LONDON – Wired and wireless communications chip company Broadcom Corp. (Irvine, Calif.) has taken licenses for both the ARMv7 and ARMv8 instruction set architectures from ARM Holdings plc (Cambridge, England). This will allow Broadcom to develop its own processor engines to put inside system-chips, rather than licensing predefined cores from ARM, and address new applications.
ARMv7 is the common architecture behind most of the 32-bit ARM cores in use today including high and low performance cores in the Cortex-A, R and M series. ARMv8 continues to support 32-bit operation and legacy application but also adds instructions for 64-bit architecture and is being designed to by a number of licensees including Applied Micro, Cavium, AMD and STMicroelectronics.
Broadcom is already one of the lead partners for the development of the Cortex-A50 series of processors. The A57 and A53 were launched at ARM TechCon in October 2012 and are expected to be the first processor cores to implement the ARMv8 architecture.
"Access to the ARMv7 and ARMv8 architecture will enable Broadcom to bring innovation through highly optimized 32- and 64-bit SoC implementations to deliver high-performance, low-power solutions across a broad range of market applications including broadband access and set-top box," said Daniel Marotta, executive vice president and general manager of the broadband communications group at Broadcom, in a statement issued by ARM.
Marotta added that the use of the ARM architecture would enable Broadcom to extend its reach into new applications.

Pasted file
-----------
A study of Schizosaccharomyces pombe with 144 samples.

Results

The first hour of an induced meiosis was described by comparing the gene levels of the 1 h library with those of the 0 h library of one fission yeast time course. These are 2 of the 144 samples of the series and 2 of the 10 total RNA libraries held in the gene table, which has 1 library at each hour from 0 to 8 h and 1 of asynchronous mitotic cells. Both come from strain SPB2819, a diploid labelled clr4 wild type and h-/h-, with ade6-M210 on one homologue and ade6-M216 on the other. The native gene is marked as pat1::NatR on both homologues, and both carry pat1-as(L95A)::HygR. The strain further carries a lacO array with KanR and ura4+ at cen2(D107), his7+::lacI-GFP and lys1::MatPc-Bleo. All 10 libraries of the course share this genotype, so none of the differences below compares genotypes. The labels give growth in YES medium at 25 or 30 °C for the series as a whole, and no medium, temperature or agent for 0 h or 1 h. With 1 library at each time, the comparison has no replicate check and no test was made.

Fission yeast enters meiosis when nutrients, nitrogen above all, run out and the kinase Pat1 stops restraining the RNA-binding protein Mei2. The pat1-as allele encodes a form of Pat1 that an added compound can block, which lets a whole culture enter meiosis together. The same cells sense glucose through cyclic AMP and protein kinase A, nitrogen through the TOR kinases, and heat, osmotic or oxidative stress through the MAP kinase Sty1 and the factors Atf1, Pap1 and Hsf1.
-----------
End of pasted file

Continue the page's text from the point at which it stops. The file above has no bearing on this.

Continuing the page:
ARM's cpu designs sometimes get too much credit for the success of ARM ISA in the mobile space. Truth is that the most succesful ARM CPU in the mobile space right now is a custom designed one from Qualcomm.
Most semi companies have realized this which is why there seems to be a beeline to license the architecture. AppliedMicro seems to have been the first one to wisen up to this, then there is Cavium, AMD, now Broadcom and I am sure others will follow.
However, it looks like using off-the-shelf cores is increasingly non-differentiating.
It is true you can get to market quicker if you use ARM core, ARM POP, but only at the same pace as the competition.
Sure taking an ARM architecture let's you design your own CPU...but it takes money and time to do that...just throwing ARM cores into your own SoC is presumably faster...Samsung seems to be doing just fine with that approach
Article is not 100% correct. What it means is that next to Nvidia, Qualcomm, AMD and Apple, Broadcom is the next (mobile) SoC maker in line taking an *architecture* license, allowing itself to design its own CPU (architecture, pipeline etc) using the ARM ISA.
Makes you wonder why Samsung doesn't do this. Just throwing more vanilla ARM cores into a SoC won't give you a competitive edge in the end.. (vanilla is still your own P&R, but nothing else)
David Patterson, known for his pioneering research that led to RAID, clusters and more, is part of a team at UC Berkeley that recently made its RISC-V processor architecture an open source hardware offering. We talk with Patterson and one of his colleagues behind the effort about the opportunities they see, what new kinds of designs they hope to enable and what it means for today’s commercial processor giants such as Intel, ARM and Imagination Technologies.